The benefits of regularly cleaning your pet’s teeth
Plaque, a combination of food debris, salivary proteins and bacteria, builds up on your dog’s teeth every time it eats. The physical removal of plaque is very important in maintaining a healthy mouth – just imagine what your mouth would feel like if you never cleaned your teeth!
Plaque should be removed every day to prevent deterioration in your dog’s oral health. Twice weekly cleaning will still slow the development of oral disease but cleaning less frequently than this will give no benefit to your pet.
It takes time, patience and gentleness to get your dog used to having its teeth cleaned, but hopefully these practical tips should make it easier.
With a young dog start handling its mouth as early in its life as possible. Dental home care from an early age will go a long way towards preventing or reducing dental disease later in life. Middle-aged or older animals are likely to be more accepting of dental home care if it is introduced as part of a pre-existing routine, such as an evening meal, walk or grooming. If your dog will not let you handle its mouth at all then you will need to work on this first. Do not continue however, if your dog becomes snappy or aggressive.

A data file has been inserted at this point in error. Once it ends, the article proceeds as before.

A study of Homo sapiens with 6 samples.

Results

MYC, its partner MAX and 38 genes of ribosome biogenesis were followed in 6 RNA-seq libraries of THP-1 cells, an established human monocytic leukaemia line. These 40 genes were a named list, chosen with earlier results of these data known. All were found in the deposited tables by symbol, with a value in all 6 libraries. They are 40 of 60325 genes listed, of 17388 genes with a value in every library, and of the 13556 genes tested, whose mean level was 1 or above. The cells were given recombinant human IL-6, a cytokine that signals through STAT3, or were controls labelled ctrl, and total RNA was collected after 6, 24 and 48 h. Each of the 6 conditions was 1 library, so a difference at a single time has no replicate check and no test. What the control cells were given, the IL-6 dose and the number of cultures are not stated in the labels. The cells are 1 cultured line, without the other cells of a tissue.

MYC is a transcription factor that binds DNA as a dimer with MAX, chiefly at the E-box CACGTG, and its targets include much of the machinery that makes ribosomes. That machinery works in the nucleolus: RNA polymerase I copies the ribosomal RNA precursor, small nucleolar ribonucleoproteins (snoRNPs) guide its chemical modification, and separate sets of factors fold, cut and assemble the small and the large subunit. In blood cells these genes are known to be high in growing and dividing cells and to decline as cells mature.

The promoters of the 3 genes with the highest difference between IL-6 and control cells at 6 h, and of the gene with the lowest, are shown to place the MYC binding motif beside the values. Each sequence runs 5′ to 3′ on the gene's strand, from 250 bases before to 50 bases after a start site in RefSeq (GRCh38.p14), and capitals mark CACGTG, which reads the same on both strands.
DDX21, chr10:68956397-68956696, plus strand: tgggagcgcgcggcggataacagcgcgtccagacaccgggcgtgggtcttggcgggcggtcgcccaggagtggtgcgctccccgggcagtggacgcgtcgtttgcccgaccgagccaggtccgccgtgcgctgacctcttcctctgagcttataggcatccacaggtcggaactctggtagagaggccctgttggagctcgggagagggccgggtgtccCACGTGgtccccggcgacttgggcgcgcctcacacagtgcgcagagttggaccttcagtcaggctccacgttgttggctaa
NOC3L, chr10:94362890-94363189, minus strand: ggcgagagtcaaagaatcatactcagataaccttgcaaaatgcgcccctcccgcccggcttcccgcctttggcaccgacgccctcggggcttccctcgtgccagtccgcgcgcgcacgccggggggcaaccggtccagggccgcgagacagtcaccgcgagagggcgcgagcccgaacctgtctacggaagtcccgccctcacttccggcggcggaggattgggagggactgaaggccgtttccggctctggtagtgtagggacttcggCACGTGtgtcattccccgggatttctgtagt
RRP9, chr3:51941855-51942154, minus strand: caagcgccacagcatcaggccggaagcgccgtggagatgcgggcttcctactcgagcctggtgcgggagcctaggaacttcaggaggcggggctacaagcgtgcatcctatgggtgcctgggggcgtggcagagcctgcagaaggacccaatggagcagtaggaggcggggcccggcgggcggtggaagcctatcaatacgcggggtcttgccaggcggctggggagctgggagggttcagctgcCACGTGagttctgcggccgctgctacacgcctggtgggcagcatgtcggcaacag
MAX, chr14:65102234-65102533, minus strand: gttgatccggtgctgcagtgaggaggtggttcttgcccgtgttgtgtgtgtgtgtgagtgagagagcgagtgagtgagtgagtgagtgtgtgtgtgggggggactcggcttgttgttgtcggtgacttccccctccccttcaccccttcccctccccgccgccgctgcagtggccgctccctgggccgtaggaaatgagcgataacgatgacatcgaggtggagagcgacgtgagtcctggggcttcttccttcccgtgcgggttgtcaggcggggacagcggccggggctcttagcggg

Make your dog comfortable and approach from the side, not from the front. Small dogs may be cuddled on your lap to reduce their apprehension. Start by cleaning just a few teeth at the front using the enzymatic pet toothpaste (not human toothpaste!). Use a piece of gauze or a finger brush. At this point do not try and open the mouth. It is mainly the outside surfaces of the teeth, where the gum and tooth meet, that need cleaning. These can be reached by simply lifting the lip. Aim to do a little more at each session but go at your dog’s pace.
It may take you up to four weeks for your dog to allow you to work round all of its teeth. Gradually increase the number of teeth cleaned until the whole mouth can be cleaned in a single session. This should last a maximum of one minute. Once your dog is comfortable with the finger brush move on to the dental brush.
You may now try to open your dog’s mouth by holding its head back with one hand and cleaning the inside surfaces of the teeth with the toothbrush. If your pet does not accept this please continue to clean the outside surfaces – tongue movement will help to clean the inside of the teeth.
Finally, don’t forget to offer a reward at the end of the procedure, such as a game or a treat (a rawhide strip rather than a chocolate biscuit!).
Speak with a qualified vet...
The staff at Mount Vets are here to help with any questions you may have on this subject. We can quickly help you determine if your pet requires treatment from a member of our vet or nurse team.